Racist Stereotypes and Cultural Appropriation in American Sports
February 7, 2013
Sports writers, scholars, authors, and representatives from sports organizations engaged a capacity audience with lively panel discussions on racist stereotypes and cultural appropriation in American sports. Speakers explored the mythology and psychology of sports stereotypes and mascots, and examined the retirement of "Native American" sports references and collegiate efforts to revive them despite the NCAA's policy against "hostile and abusive" nicknames and symbols. The day-long symposium ended with a spirited community conversation about the name and logo of the Washington, D.C., professional football team, with sports writers from the Washington Post and USA Today, along with eminent members of the D.C. community.
The symposium advances a movement endorsed by the U.S. Commission on Civil Rights in 2001 and addressed last year by the U.S. Senate Committee on Indian Affairs.
In 2005 the American Psychological Association (APA) called for the immediate retirement of all American Indian mascots, symbols, images, and personalities by schools, colleges, universities, athletic teams, and organizations. The APA's position is based on a growing body of social science literature that shows the harmful effects of racial stereotyping and inaccurate racial portrayals, including the particularly harmful effects of American Indian sports mascots on the social identity development and self-esteem of American Indian young people. See also “Of Warrior Chiefs and Indian Princesses: The Psychological Consequences of American Indian Mascots,” Stephanie A. Fryberg, University of Arizona; Hazel Rose Markus, Stanford University; Daphna Oyserman, The University of Michigan; Joseph M. Stone, Stanford University.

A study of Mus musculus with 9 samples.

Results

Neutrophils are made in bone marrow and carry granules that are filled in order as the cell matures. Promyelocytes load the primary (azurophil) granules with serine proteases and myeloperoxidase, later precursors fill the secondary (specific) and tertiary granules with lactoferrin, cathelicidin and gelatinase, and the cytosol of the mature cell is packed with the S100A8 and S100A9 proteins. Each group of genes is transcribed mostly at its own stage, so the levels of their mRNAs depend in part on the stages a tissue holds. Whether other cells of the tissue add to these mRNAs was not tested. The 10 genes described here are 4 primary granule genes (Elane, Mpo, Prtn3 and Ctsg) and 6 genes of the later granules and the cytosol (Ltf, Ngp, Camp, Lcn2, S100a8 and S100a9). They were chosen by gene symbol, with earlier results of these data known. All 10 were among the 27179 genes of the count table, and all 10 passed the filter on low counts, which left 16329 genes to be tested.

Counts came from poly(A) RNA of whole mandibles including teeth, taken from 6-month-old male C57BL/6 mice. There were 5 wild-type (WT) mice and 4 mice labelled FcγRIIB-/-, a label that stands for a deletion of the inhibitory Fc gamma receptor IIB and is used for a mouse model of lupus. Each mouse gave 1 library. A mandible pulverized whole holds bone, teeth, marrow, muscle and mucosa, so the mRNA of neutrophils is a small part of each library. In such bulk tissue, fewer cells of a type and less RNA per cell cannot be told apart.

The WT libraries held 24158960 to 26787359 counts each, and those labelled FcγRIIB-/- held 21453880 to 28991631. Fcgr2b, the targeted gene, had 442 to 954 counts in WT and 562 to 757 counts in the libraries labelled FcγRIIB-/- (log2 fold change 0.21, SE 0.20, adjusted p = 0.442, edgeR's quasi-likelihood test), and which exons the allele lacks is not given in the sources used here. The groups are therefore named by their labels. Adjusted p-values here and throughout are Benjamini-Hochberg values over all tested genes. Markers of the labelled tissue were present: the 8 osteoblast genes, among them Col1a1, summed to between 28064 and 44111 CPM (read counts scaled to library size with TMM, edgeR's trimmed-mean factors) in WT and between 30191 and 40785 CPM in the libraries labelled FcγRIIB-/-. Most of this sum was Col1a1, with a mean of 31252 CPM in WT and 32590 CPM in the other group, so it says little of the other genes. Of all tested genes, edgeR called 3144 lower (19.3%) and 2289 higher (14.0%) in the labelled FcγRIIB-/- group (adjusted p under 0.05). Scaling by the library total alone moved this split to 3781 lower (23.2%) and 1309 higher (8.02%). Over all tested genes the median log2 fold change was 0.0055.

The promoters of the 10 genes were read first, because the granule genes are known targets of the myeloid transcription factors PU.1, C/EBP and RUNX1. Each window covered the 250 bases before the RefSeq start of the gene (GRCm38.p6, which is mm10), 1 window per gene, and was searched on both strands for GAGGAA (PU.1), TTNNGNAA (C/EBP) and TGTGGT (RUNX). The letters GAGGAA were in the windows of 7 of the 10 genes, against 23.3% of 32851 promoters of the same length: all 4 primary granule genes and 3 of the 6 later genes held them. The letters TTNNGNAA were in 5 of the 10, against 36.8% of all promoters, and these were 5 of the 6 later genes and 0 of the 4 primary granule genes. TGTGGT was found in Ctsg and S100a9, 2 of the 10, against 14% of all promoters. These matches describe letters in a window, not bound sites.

The National Collegiate Athletic Association (NCAA) policy limiting the use of Native American mascots, nicknames, and imagery at NCAA championships.
A broad list of resources examining the origins of Native American mascots and the history of Native American resistance to them is available on the University of Illinois at Urbana-Champaign, American Indian Studies Program website.
“Entities Opposing ‘Indian’ Sports References,” compiled by The Morning Star Institute, October 2009.
Kevin Gover, “Native Mascots and other Misguided Beliefs,” American Indian Magazine (Fall 2011): 10-13.
Linda M. Waggoner, “On Trial—The Washington R*dskins’ Wily Mascot: Coach William 'Lone Star' Dietz,” Montana, The Magazine of Western History (Spring 2013): 24-47.
Case No. 339242, William Henry Dietz, Investigative Case Files of the Bureau of Investigation. The content of this record—the case files from an FBI investigation for the 1919 trial of Dietz—is referenced in an article by Linda M. Waggoner, “On Trial—The Washington R*dskins’ Wily Mascot: Coach William 'Lone Star' Dietz,” that appeared in the Spring 2013 issue of Montana, The Magazine of Western History. This record has since been provided to the NMAI by Ms. Waggoner as supplementary information to the original article.